Dec, 2020 - By WMR
According to a new research study initiated by the researchers of Johns Hopkins Bloomberg School of Public Health have reported that children who were born to mothers with high blood pressure condition called preeclampsia during pregnancy are at increased risk of having high blood pressure. However, this conditions can be eliminated or reduced, if children are exposed to higher levels of vitamin D in the womb, in spite of mother having preeclampsia during pregnancy. Moreover, researchers informed that the findings are based on the evaluated data on 754 mother-child pairs. Researchers also noted that high blood pressure in childhood can cause hypertension and heart disease in adulthood.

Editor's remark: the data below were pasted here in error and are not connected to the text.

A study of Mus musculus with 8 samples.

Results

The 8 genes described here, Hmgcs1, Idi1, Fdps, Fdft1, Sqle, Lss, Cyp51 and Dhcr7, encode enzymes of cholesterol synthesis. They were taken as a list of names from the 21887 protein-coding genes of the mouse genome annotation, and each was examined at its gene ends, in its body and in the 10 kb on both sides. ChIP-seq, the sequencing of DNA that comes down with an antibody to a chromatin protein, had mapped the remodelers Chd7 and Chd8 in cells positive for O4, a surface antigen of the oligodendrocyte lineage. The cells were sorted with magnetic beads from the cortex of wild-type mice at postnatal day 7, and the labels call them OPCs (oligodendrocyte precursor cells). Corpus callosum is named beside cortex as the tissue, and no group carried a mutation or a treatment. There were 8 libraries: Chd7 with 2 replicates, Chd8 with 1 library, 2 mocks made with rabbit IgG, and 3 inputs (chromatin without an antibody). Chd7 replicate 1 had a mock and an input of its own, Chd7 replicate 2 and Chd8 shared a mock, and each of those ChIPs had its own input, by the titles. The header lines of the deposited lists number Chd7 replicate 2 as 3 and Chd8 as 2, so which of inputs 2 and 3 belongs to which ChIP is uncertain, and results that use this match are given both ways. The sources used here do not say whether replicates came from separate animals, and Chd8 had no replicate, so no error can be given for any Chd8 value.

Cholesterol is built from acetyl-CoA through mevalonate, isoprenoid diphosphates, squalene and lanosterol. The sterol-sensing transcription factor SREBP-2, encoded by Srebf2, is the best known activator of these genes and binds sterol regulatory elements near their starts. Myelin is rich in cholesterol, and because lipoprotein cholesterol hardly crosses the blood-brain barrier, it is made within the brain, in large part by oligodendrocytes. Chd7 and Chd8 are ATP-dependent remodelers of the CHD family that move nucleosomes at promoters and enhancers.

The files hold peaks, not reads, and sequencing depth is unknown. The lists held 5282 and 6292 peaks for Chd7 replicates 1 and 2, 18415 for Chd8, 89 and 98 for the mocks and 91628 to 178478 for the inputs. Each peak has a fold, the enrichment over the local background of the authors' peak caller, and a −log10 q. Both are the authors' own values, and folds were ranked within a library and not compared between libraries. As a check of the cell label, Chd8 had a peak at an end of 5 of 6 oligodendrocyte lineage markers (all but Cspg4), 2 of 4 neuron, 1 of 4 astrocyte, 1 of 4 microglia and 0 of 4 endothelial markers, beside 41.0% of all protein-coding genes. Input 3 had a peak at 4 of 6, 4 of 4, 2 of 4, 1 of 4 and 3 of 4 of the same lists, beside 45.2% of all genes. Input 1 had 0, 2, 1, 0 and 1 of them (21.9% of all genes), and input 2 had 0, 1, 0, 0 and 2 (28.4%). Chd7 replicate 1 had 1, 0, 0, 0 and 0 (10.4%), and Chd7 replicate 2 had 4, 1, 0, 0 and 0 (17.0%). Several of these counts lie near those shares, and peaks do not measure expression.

Noel Muelle, study senior author from Johns Hopkins Bloomberg School of Public Health, stated, “There is increasing evidence that cardiovascular disease risk is, to a great extent, programmed in the womb, and we now see that it may be vitamin D that alters this programming in a beneficial fashion.”
Researchers further suggested that vitamin D deficiency during maternity results in higher risk of preeclampsia. In the study, researchers considered data of 754 mother-child from a large epidemiological study, which included information on preeclampsia during pregnancy, tests on blood from the umbilical cord at birth, and the children's blood pressure from age 3 to 18.
Moreover, out of all the participants, around 62% of the mothers were Black, and 52% were overweight or obese. Later, after evaluation researchers observed that around 10% of the women had preeclampsia, and their children exhibited higher systolic blood pressure, in comparison to children born to mothers without preeclampsia. In addition, children with highest vitamin D exhibited average blood pressure, in spite of their mothers having preeclampsia during pregnancy.